Neither the FDA nor drug companies provide clear instructions on how to stop Rx or OTC meds. That's true for eye drops, nasal sprays and PPIs.

Drug companies do not like to talk about withdrawal symptoms! That sort of thing suggests that people are dependent upon their medicines. Stopping suddenly might cause problems and that is not something pharmaceutical manufacturers want to warn about. The list of medications that can trigger rebound symptoms is long and includes SSRI antidepressants, benzodiazepine anti-anxiety drugs, pain relievers like gabapentin and tramadol, not to mention heartburn meds such as esomeprazole (Prilosec), lansoprazole (Prevacid) and omeprazole (Prilosec). Decongestant nasal sprays and vasoconstrictor eye drops can also cause rebound symptoms.

Rebound Redness from Eye Drops:

This reader complains about redness after long-term use of eye drops:

Q. I have used Visine daily for many years. It soothes my eyes and helps with the redness.

However, I have recently learned that chronic use causes rebound redness if discontinued. I eliminated the drops nearly three weeks ago, but my eyes are still glassy, red and burning. I’m using warm compresses morning and evening. Is there anything else I can do to eliminate the redness?

A. There are several Visine formulations. The Original Redness Relief product contains a decongestant called tetrahydrozoline. That means it constricts blood vessels in the top layer of the eye. This same ingredient is also found in some decongestant nasal sprays.

There are many possible causes of eye redness including allergens, smoke, fatigue, dry eyes and infection. Repeated use of a topical decongestant, whether in the eye or the nose, can lead to reduced effectiveness. The Visine website warns that:

“overuse may cause more eye redness”

There is no obvious definition of “overuse” and no instructions on how to discontinue or taper gradually. As you discovered, stopping abruptly after long-term use can lead to rebound redness (Clinical Optometry, July 23, 2020).

Doctors call this “conjunctivitis medicamentosa.” It may take weeks for the redness to clear up. If your eyes don’t get better soon, please check with your eye doctor to rule out infection or some other factor. They may consider a short course of corticosteroid eye drops to help ease the inflammation.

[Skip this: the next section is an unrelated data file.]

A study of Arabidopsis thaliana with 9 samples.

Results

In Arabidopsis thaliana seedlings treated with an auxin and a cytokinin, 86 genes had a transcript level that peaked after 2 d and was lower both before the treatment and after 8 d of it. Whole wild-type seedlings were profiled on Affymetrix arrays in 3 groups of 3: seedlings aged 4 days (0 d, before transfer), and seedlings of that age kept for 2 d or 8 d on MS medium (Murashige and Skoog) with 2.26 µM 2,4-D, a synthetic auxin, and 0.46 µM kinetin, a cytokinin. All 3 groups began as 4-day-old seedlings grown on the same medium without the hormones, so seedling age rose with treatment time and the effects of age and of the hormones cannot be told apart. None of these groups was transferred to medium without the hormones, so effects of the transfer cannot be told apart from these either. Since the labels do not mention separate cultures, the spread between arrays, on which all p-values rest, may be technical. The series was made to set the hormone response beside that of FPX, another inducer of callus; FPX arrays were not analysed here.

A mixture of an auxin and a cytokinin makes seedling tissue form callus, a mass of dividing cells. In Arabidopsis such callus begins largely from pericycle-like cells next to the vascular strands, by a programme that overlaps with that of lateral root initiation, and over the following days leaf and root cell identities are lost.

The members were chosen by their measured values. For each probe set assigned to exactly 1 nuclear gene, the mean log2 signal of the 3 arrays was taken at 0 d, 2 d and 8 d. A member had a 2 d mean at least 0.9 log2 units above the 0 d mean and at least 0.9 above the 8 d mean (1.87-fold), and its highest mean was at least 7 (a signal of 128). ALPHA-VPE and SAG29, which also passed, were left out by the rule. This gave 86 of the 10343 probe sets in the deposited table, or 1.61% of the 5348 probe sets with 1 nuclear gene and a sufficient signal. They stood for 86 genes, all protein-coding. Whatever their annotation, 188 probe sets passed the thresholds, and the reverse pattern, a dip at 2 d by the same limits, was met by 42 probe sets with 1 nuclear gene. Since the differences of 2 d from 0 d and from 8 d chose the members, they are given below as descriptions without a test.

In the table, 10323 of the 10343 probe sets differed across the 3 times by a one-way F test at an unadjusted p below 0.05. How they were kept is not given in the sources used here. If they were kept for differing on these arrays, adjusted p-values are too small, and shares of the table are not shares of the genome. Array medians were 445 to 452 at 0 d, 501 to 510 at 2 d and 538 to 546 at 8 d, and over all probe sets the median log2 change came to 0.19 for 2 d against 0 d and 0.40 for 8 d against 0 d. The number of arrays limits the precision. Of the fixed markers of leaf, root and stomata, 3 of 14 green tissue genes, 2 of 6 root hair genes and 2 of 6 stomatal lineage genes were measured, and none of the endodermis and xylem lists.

Another Reader Also complains of Rebound Redness from Eye Drops:

Q. I’ve heard about becoming addicted to decongestant nasal sprays, but I wonder if one can become addicted to eye drops. I have severe dry eyes along with allergies, and I need a dose of eye drops first thing in the morning and several times throughout the day. Otherwise my eyes get horribly red, swollen and irritated. Am I addicted?

A. You may well be experiencing rebound redness from overuse of eye drops. The same kind of ingredient that is found in many nasal sprays is also found in eye products that help get the red out.

Oxymetazoline is a long-acting topical drug that constricts (shrinks) blood vessels. That is how it relieves congestion in the nose. But people who use nasal decongestants for allergies, colds or sinus problems are warned to use such products for only three to five days. After that they may experience rebound congestion as the medicine wears off.

You can read more about rebound congestion at this link:

Decongestant Spray Addiction is Hard to Kick
Have you ever had a stuffy nose? Were you tempted to use a nose spray? Did you develop decongestant spray addiction? Is there a way to kick the habit? Yes!

The same thing can happen in the eyes. Rebound redness occurs when the blood vessels dilate after the effects of the medicine fade. It can take several days (or sometimes longer) for this effect to gradually disappear. You may be better off with artificial tears rather than anti-red eye drops.

Joe Graedon is a pharmacologist who has dedicated his career to making drug information understandable to consumers. His best-selling book, The People’s Pharmacy, was published in 1976 and led to a syndicated newspaper column, syndicated public radio show and web site. In 2006, Long Island University awarded him an honorary doctorate as “one of the country's leading drug experts for the consumer.”.